Hiep P writes:
Thank you for the thorough review on the Otus 55. It is an outstanding write-up.
I would have pre-ordered the lens but because of this very precise reason you brought up, no EVF option on DSLRs, that I have decided not to. I am currently shooting with the Sony A99 and my two Contax 55/1.2 and 85/1.2. Since these two are even less corrected for aberrations, precise focus is paramount to get a good image. So I understand your frustration. For me, Live View is a must for any critical work (certainly so since my main focus is on landscape and urbanscape). And only with EVF, such implementation is seamless (no awkward framing with the LCD).
[diglloyd: please pre-order using Zeiss lenses ordering page]
What I am contemplating right now is whether to get the Nikon version or the Canon version. With Nikon, I have to deal with the opposite focus direction and just do a Leitax conversion to A mount. With Canon, I can retain the ”right” direction, use a Metabones EF-E adapter to mount on the upcoming FF NEX.
After reading Roger’s articles on lens skew from using adapter and your articles on lens-camera alignment issue on Canon and Nikon DSLR, it gets even more complicated. Definitely going native would allow me to send the camera in for a proper alignment (or so we hope). David at Leitax would certainly make a very precise mount replacement. But without a MTF tester, I am not sure I can get a similar quality as the original lens. Going for the Otus means that one want the ultimate performance. There is no point to pay this much and to haul with much weight and size to have anything less than that (I can certainly get that with my smaller, lighter 55/1.2).
Since you’re savvy on this matter, I would like to hear your opinion. Thank you.
DIGLLOYD: Precise focus is critical to extract the best from a very high performance lens. This is where a DSLR optical viewfinder is a dismal failure and one reason I strongly desire an EVF.
In general I have had good luck with lens adapter over the years, but most of that has historically been with lower resolution cameras. With high-res cameras (24 and particularly 36 megapixels), small issues show up much more readily.
The issues are complex and I will detail just the major ones here:
- Lens mount to sensor parallelism is not guaranteed. Thus even without a lens there are issues starting with the camera body itself, see the link noted above. It is one reason that MTF lens tests are suspect: how was the camera measured for perfect flange to sensor parallelism?
- Lens mounts can and do bend and warp if not used with care. Ditto for lens adapters. Amounts invisible to the eye become optical problems (e.g., 10 or 20 microns). Consider what it might take for a lens adapter vendor to guarantee 10 micron or tighter planar tolerances on a lens adapter (“my $39 lens adapter works great”—yeah sure it does).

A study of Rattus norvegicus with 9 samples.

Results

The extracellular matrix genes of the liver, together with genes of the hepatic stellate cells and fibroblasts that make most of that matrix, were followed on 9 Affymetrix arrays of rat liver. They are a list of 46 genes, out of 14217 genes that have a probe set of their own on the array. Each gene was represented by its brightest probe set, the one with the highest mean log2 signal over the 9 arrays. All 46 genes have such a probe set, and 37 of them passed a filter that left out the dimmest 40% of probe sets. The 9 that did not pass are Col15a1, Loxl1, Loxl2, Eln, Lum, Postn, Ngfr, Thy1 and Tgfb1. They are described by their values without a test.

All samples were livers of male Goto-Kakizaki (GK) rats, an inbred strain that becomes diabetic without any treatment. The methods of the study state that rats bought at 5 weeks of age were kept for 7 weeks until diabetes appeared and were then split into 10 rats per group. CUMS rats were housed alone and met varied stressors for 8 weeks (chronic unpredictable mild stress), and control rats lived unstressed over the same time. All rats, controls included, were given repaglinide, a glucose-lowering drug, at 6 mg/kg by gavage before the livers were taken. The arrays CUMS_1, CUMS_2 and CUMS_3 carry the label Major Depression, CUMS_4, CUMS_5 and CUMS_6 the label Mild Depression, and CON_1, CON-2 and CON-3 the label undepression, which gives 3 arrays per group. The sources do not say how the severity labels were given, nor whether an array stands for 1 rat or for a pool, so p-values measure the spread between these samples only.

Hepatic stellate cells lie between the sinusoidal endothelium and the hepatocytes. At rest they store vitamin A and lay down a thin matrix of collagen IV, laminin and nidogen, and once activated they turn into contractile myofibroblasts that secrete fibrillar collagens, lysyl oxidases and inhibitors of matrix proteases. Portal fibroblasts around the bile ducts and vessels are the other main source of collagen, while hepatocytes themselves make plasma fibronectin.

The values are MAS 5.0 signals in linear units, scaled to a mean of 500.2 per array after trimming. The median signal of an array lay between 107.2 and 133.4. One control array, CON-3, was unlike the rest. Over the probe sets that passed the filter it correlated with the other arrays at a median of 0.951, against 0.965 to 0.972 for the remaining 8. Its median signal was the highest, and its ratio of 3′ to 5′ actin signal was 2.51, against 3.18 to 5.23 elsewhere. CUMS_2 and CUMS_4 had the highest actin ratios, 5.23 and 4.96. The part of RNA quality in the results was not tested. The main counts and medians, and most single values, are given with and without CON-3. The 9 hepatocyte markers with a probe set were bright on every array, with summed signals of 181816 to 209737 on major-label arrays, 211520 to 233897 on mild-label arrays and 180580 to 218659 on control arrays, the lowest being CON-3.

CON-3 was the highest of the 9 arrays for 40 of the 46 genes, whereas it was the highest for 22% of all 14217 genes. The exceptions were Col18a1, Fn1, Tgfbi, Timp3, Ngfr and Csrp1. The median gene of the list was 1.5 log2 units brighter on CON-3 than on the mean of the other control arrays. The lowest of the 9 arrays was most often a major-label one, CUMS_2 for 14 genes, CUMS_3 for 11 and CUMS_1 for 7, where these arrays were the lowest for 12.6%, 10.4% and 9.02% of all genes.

- Large and heavy lenses like the Otus 55/1.4 APO-Distagon should not be used with an adapter without supporting the lens somehow (e.g. with a hand under it). Lens mounts experience a lever-arm torque which can ultimately bend the lens mount, a very expensive repair. Not to mention “sag” while shooting. [Kudos to Leica for detailing weight limits in their R to M adapter brochure. And the Leica adapter is as robust an adapter as you will find.]
- It is the rare lens that shows perfect symmetry left to right, and the likelihood of retaining symmetry as the elements move through the focusing range is slim to none for both manual and autofocus lenses. The Otus 55/1.4 is held to very high tolerances (to some extent the price contemplates a higher rejection rate), but this cannot be considered a guarantee of symmetry throughout its focusing range. Even Leica S lenses show symmetry issues.
- The 55/1.4 APO-Distagon revealed a small problem with my Nikon D800E flange-to-sensor alignment back in the spring; Nikon gave my D800E special attention at my request. It was probably already “in spec” however. But it improved.
That’s a “sampler”. Bottom line is that when a lens adapter is inserted into the equation it is one more variable: one that can worsen an asymmetry or work to mitigate it! And by “left/right” I really mean any asymmetry in which the relevant geometric planes are not plane parallel, and that can mean through two axes.
As for Nikon versus Canon mount, a lens in Nikon mount is definitely more flexible in the range of cameras to which it can be adapted. But given the size and weight of the Otus 55/1.4, it is probably best to consider exactly which lens adapter is to be used, e.g. what the total system will look like (camera + adapter + lens), since the choices could vary in quality or availability. I’d want a very robust adapter for a heavy lens. An adapter for a Nikon lens will be 2mm thicker, and that could in theory work in its favor, depending.
In the end one just has to try, and also accept that things might not be perfect. Even my brand-new Leica 50mm f/2 APO ASPH on a brand-new Leica M240 showed lens skew! It’s one of those facts of life. If Leica can’t guarantee perfection, then perhaps no one can except for those $25K cine lenses.
All that said, remember that the lens is projecting an image that is sharp (assuming it is performing properly). The targets that show a problem are those in which the subject matter is planar: a wall or mosaic, a distant landscape, a group of people lined up, and so on. Otherwise, one is not so likely to notice.